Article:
Seniors Turn Out, But Voting Turn-Out Low for Primary

Northborough numbers were remarkably low by late afternoon on primary day.

Mary Anne Curtis headed to the polls at the Peaslee School around 4 p.m. to make sure she put in her vote in the Massachusetts primary election on Thursday, Sept. 6.

She's in precinct three, which includes the Birchwood 55 and older community. Because the community is in the precinct, warden Pat Griffin says the Peaslee School often counts nearly 50 percent or more of its voters as seniors.

"It's a good reason we have a big turnout," said Griffin. "People over 55 vote."

Election worker Pauline Brodeur, who is also a Birchwood resident, agreed: "This is the social event of the week," she laughed.

"We are active for some reason," said Curtis, who is originally from Framingham. "We are just active seniors. When we moved here 15 years ago people thought we would stay in one spot, but we're young and active. This matters very much to us."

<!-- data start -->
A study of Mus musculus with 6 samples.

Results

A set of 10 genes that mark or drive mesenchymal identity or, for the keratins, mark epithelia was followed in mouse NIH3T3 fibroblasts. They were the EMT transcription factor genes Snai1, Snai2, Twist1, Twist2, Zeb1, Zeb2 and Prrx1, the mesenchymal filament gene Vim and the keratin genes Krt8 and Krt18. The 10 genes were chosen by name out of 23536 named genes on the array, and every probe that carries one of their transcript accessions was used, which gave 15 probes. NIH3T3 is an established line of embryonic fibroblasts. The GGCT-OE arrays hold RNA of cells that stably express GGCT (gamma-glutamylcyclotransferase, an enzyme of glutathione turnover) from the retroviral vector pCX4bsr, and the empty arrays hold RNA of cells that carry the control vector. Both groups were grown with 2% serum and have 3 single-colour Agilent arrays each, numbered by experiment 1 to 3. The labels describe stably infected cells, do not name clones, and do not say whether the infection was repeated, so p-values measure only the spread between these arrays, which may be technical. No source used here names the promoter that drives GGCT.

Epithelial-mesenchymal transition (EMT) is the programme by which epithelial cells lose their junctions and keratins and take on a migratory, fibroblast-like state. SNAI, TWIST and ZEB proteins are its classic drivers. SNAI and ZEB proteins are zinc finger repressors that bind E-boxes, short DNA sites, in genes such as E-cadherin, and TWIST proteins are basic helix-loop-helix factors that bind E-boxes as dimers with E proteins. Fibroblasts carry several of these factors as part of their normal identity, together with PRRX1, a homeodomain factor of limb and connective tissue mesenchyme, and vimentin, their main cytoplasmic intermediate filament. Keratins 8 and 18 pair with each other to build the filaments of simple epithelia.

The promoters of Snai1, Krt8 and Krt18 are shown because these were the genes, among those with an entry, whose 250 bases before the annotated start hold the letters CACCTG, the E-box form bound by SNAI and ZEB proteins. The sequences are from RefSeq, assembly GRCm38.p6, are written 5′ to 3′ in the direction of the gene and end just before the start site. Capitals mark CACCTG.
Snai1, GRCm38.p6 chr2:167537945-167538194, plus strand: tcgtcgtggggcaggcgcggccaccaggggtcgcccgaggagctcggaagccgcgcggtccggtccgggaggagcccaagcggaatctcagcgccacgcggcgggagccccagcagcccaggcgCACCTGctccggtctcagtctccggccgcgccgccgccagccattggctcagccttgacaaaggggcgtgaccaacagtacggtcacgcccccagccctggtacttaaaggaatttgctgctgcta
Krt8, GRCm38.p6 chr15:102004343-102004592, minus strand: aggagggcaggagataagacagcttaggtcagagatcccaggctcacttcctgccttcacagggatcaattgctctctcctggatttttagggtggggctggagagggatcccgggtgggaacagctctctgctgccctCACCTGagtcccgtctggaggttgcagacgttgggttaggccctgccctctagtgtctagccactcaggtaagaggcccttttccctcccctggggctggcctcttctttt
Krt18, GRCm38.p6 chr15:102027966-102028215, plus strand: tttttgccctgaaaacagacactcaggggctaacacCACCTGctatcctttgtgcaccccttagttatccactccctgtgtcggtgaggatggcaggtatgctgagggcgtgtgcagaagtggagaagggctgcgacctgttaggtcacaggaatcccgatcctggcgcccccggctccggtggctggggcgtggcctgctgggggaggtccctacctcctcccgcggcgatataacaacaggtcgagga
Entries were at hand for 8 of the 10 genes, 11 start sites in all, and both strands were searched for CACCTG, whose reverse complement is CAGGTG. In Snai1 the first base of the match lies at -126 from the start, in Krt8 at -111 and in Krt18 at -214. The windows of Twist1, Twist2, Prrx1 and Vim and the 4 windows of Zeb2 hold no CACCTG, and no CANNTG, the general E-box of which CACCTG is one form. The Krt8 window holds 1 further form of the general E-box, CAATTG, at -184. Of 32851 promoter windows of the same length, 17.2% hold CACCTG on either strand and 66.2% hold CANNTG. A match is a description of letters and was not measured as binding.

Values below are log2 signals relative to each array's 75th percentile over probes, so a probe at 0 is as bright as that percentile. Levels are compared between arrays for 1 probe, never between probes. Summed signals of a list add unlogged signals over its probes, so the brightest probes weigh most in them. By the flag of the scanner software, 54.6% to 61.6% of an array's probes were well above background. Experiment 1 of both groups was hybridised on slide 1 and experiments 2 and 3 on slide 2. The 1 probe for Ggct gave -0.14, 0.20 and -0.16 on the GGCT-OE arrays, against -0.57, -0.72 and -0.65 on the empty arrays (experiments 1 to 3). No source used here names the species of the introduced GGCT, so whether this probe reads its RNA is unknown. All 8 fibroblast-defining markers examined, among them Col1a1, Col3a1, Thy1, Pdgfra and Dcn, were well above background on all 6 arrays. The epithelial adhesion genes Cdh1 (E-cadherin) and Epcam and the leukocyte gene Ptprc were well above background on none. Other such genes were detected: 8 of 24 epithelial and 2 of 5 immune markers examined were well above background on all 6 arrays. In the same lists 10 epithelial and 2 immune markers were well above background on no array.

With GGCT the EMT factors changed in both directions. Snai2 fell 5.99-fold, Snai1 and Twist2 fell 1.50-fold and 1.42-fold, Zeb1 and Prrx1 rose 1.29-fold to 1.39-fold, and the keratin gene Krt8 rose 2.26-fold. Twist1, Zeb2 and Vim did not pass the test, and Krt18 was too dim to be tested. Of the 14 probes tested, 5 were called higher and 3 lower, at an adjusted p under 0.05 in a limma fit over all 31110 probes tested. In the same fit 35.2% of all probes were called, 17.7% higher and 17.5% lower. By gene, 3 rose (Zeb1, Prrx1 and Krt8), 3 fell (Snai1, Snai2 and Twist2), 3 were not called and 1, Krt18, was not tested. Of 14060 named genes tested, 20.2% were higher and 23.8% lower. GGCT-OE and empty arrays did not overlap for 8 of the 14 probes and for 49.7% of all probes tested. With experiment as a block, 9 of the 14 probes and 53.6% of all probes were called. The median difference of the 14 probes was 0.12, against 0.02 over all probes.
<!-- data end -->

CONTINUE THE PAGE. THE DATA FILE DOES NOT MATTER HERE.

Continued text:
By 4 p.m., precinct 3 (the Peaslee School) had 132 votes. Echoing election workers in other precincts, Griffin remarked that the turnout was "much too slow."

John Forand stood outside the Peaslee School holding signs for Charlie Shapiro and wearing buttons for Jamie Eldridge and Jim McGovern. Of the four voting precincts in town, Forand was the only campaigner outside the buildings.

Northborough Patch asked Forand what inspires him to campaign. "They're doing a good job," he said.

Earlier, at 2 p.m. at the Lincoln Street School (precinct 2), the count stood at 82, the room empty of voters.

"It's partly because the primary is on a Thursday," said warden Terry Crean. "And there are not many contested races; that contributes to the low turnout, too."

By 3:25 p.m., at the Proctor School (precinct 1), 87 had voted.

"It's the lowest turnout I've seen," said election worker Cecelia d'Entremont, who has been working the polls since the '70s.

Genevieve Belfer left the polls at Proctor with her two kids, and said it is always important for her to vote.

"I bring my kids so they can see I vote, and what it's all about," said Belfer. "I wanted to vote to support Elizabeth Warren, but it's more important that I do that in November. It's just important for me to vote."

And at 4:15 p.m., warden Doris Crossman was shocked that only 58 had voted so far, noting that "we are usually the highest."